Ivan Garcia, 7 May 2015 — The harm caused to Cubans by the military dictatorship is anthropological. We have an economy that has tanked, a fourth-world infrastructure and salaries that are a bad joke.
Chances are that we will eventually recover from the economic disaster but it will take two or more generations to overcome the damage done to ethics and civic values. The ideological madhouse Fidel Castro created in January 1959 has polarized society.
The regime has divided families and exacerbated differences. It has criminalized political differences while the special services and Communist Party propaganda have turned repression into an art form.
Among its strategies are acts of repudiation. These are basically verbal lynchings designed to suppress the opposition through the use of civilians and paramilitaries disguised as students and workers.
Cuba is a nation governed from the top down. Ordinary people do not have mechanisms that might allow them alter their circumstances. A party membership card and unconditional loyalty have become a kind of passport, allowing a person to climb the state’s ladder of success.
Twenty-five years ago a commitment to the revolution was rewarded with a television, an apartment or a week’s vacation at the beach. However, the ongoing economic crisis that has plagued the island since 1990 has drained the state’s coffers and eliminated material incentives for the most loyal workers and employees.
Now governing is not so easy for the Castros. Their narrative no longer appeals to large segments of the population. Fifty-six years of continuous rule has led to exhaustion and economic disaster has created a breach in society.
Although people now feel free to express their opinions on the streets without fear, the official strategy is to disparage dissidents and intimidate Afro-Cubans.
The Castro regime has been successful at isolating the opposition in spite of the fact that dissidents’ statements have been in tune with popular opinion. Unfortunately, the opposition has not been able to capitalize on the frustrations of the population.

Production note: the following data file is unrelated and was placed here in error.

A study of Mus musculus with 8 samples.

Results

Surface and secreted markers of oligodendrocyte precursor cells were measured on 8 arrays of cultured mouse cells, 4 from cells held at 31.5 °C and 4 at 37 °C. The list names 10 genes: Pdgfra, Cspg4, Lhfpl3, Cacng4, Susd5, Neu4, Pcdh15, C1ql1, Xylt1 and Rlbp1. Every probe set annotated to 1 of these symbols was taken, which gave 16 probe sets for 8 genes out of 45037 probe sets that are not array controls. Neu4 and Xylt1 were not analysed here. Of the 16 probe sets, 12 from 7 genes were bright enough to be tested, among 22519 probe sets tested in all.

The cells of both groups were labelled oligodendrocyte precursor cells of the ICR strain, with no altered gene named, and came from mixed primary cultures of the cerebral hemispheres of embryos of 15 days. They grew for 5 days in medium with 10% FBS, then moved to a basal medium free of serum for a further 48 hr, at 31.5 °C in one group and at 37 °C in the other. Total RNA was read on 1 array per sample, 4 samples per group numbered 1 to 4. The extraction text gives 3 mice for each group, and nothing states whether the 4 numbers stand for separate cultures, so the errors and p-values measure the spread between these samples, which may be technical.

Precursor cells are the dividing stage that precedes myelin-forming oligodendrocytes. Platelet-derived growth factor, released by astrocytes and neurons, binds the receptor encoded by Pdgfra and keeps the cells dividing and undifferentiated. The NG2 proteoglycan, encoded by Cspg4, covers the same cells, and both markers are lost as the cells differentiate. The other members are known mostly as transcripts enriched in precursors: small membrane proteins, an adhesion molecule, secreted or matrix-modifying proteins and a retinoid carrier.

After the fall of the Berlin Wall in November 1989, the most reasonable solution would have been for Fidel Castro to sit down with his opponents and work out a joint solution.
But Fidel is not genetically predisposed to tolerate disagreement. Instead, he chose to dig in. What is despicable is not that he mortgaged Cuba’s future; it is that he has used the intelligentsia and related sectors in his confrontation with Cuba’s dissidents.
Neither potato harvests nor milk production will be increased by isolating our compatriots who hold different political positions. The bureaucracy and criminal cartels imbedded in state institutions will not disappear by intoning stanzas from genocidal anthems extolling the use of machetes.
In the peace of quiet of their own homes these people — transformed into weapons of moral destruction — will try to see that refrigerators remain empty and the future remains a question mark.
Behaving like gangsters will not improve the erratic economic performance of a failed system or put an end to material shortages. The solution to the island’s structural and political problems will only be resolved through dialogue.
The statement by Luis Morlote, a spokesperson for artists and writers, that “we as a civil society are defending what is ours, so we cannot share the same space as dissidents” is at best unfortunate.
What will they do with opponents? Ship them to an outpost on Turquino Peak? And when Castro supporters come to share the opinions of dissidents and independent journalists, what are they going to do? Run away? Ask permission to sit next to us on a bus or in a taxi?
How will the regime resolve disagreements? With imprisonment, exile, beatings and extrajudicial assassinations? There is still time to redesign the current repressive system and replace aggression with a handshake and an exchange of views.
Irascible activists, like those the Cuban government sent to the recent Summit of the Americas in Panama, could be repulsed by the prospect of sitting down with “mercenaries” who snap photos with Che’s “murderer.” Similarly, there are dissidents who would rather dine with the Borgias than have a chat with representatives of the regime.
Everyone is in his own trench, but the reality is that the problems that affect all Cubans remain unresolved.
Photo: On Friday April 10, 2015, during the celebration of the VII Summit of the Americas in Panama, the presidents of the United States, Costa Rica and Uruguay met behind closed doors with a group of human rights activists from several Latin American countries. Among them were two Cubans: the independent attorney Laritza Diversent, and politician and academic Manuel Cuesta Morua, both Afro-Cuban. From La Nación, Venezuela.